Photo/Illutration Office buildings of Panasonic Corp. in Kadoma, Osaka Prefecture (Asahi Shimbun file photo)

Admitting liability, Panasonic Corp. agreed to pay an undisclosed sum to the widow of a 43-year-old employee who committed suicide in 2019 after developing depression due to his grueling work hours.

In the agreement reached with the bereaved family on Dec. 6, Panasonic apologized for allowing its working environment to have such a tragic outcome. It also acknowledged the company had failed to recognize it was imposing such heavy workloads that employees felt obliged to take work home.

Labor experts said Panasonic’s acknowledgement of the hours the man had put in at home as legitimate overtime is highly unusual as such matters would normally be disputed in court.

Labor authorities ruled in favor of the bereaved family’s claim for workers’ compensation in March due to “karoshi,” or death from overwork, but found no evidence the company forced the man to work at home.

“The Panasonic case drives home the point that the labor authorities’ definition of work hours no longer reflects the reality of today’s workers,” said Tadashi Matsumaru, a lawyer representing the bereaved family.

The man worked at a Toyama factory of Panasonic affiliate Industrial Solutions in Tonami, Toyama Prefecture. He had the title of deputy section chief of the technology department.


He joined the factory in 2003 on a temporary basis and gained regular employee status in 2009. The man was transferred to the technology department from the manufacturing department in April 2019 following his promotion from assignment manager.

His new job involved significant change in the man’s daily workload. Even after toiling at the office after the workday was over, he still took a company computer home to try to finish his work assignments, according to relatives and the lawyer.

The employee took his life in October 2019.

His widow applied for workers’ compensation, and the labor ministry’s Labor Standards Inspection Office in Tonami ruled in March that her husband’s death was work-related, making the family eligible for compensation.

Labor authorities determined that the man fell into severe depression because of the tremendous pressure he faced following the job promotion. However, they decided the hours he had worked at home did not count as overtime.

“He did so of his own volition,” said a report on the issue. “Nor are there indications of the existence of implicit instructions” to work at home.

The widow of a Panasonic employee who committed suicide due to overwork talks about her husband’s situation in Toyama Prefecture on Dec. 2. (Yusuke Noda)


Panasonic initiated its own investigation by examining the employee’s computer log to determine whether the man was forced to work even after he went home. As a result, it recognized that its liability extended beyond what the labor authorities had deemed as appropriate.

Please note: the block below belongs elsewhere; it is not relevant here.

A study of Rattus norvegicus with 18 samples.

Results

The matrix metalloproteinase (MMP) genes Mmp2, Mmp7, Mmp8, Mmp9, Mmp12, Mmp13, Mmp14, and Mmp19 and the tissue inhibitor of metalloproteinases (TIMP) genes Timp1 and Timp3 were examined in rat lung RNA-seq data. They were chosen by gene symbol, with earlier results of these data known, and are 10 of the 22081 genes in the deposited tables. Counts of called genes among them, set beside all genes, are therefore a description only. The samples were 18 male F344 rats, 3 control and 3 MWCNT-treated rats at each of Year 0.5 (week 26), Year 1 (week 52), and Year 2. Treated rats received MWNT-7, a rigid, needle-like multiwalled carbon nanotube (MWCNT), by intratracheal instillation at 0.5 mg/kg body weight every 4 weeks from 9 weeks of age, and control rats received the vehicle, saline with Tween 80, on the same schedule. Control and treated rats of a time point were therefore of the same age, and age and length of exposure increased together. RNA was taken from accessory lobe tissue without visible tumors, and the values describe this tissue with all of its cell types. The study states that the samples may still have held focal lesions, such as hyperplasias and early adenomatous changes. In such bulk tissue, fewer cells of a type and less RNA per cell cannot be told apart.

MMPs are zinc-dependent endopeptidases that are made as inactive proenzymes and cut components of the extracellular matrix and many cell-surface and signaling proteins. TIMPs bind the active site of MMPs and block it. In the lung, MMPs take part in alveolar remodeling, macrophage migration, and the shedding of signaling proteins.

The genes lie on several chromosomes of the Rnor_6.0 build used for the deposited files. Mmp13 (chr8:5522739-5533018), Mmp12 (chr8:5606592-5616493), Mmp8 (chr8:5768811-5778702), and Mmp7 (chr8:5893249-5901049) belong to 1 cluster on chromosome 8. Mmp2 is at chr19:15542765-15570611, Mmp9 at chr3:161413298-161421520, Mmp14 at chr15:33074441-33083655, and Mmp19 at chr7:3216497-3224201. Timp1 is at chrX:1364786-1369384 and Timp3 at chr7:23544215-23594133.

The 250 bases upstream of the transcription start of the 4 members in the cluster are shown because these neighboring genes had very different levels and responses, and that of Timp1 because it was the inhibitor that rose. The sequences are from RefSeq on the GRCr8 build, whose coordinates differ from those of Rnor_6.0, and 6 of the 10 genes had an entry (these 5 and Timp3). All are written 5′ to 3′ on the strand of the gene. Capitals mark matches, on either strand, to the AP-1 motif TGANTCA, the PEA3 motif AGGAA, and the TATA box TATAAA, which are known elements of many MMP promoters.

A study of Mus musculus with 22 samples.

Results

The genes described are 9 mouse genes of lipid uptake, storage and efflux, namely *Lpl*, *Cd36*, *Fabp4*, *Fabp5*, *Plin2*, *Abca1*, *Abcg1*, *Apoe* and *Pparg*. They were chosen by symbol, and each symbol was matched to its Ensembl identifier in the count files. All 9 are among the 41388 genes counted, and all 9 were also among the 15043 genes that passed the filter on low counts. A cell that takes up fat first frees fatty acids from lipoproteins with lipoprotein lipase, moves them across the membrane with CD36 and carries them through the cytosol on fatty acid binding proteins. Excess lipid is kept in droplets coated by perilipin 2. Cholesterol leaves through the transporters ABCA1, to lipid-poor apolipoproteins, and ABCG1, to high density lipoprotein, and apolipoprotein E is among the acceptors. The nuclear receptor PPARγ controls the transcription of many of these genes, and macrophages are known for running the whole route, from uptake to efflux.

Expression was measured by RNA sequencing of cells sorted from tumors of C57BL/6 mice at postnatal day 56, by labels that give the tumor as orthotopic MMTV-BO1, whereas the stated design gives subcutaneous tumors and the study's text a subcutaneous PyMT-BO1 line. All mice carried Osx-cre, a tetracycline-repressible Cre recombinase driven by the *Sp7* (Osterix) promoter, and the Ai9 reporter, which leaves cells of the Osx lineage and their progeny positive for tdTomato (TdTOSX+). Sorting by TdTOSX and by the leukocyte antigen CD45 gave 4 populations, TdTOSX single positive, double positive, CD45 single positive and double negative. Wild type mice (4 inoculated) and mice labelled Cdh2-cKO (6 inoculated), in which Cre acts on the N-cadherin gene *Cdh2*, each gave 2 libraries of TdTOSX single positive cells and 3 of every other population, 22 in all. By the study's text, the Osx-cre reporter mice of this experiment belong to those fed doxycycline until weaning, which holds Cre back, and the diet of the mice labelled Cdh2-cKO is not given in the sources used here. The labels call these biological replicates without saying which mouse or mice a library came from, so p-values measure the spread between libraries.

This case was not the first death at Panasonic to be ruled by labor authorities as work-related. In 2016, an employee in his 40s who also worked at a Panasonic factory in Tonami, committed suicide due to his long work hours.

Asked to comment on the latest case, a Panasonic representative said, “We will continue with our company-wide efforts to prevent a recurrence.”

The man’s widow said she suspects Panasonic’s corporate culture involves exerting silent pressure on its workers. She said her husband was the type of man who went out of his way to be recognized as a hard worker.

From April 2019, she noticed a sharp increase in her husband’s workload.

She recalled him griping in September, shortly before he took his life: “I can’t finish it. I’ve just got too much work to do.”

The woman described her husband as a good father who doted on his children and enjoyed playing soccer with them on weekends.

But after his promotion, he became too exhausted to show up for their soccer games, something he had always looked forward to before.

Panasonic’s offer of an apology and relief money came as she was preparing to take legal action to seek compensation for his death.

“I suspect that he was under silent pressure to finish up his work by taking it home,” the woman said. “I sincerely hope that his death will prompt the central government and society to review the way people work, including overtime that they have to do at home.”

A 2017 online survey by JTUC Research Institute for Advancement of Living Standards, a think tank affiliated with Rengo (Japanese Trade Union Confederation), showed that 30.9 percent of respondents said they must work even after going home.

Of them, one-third said they work overtime at home “constantly” and “often.”

The survey involved 2,000 individuals working in the private sector.

(This article was written by Yusuke Noda and Teruaki Sakamoto.)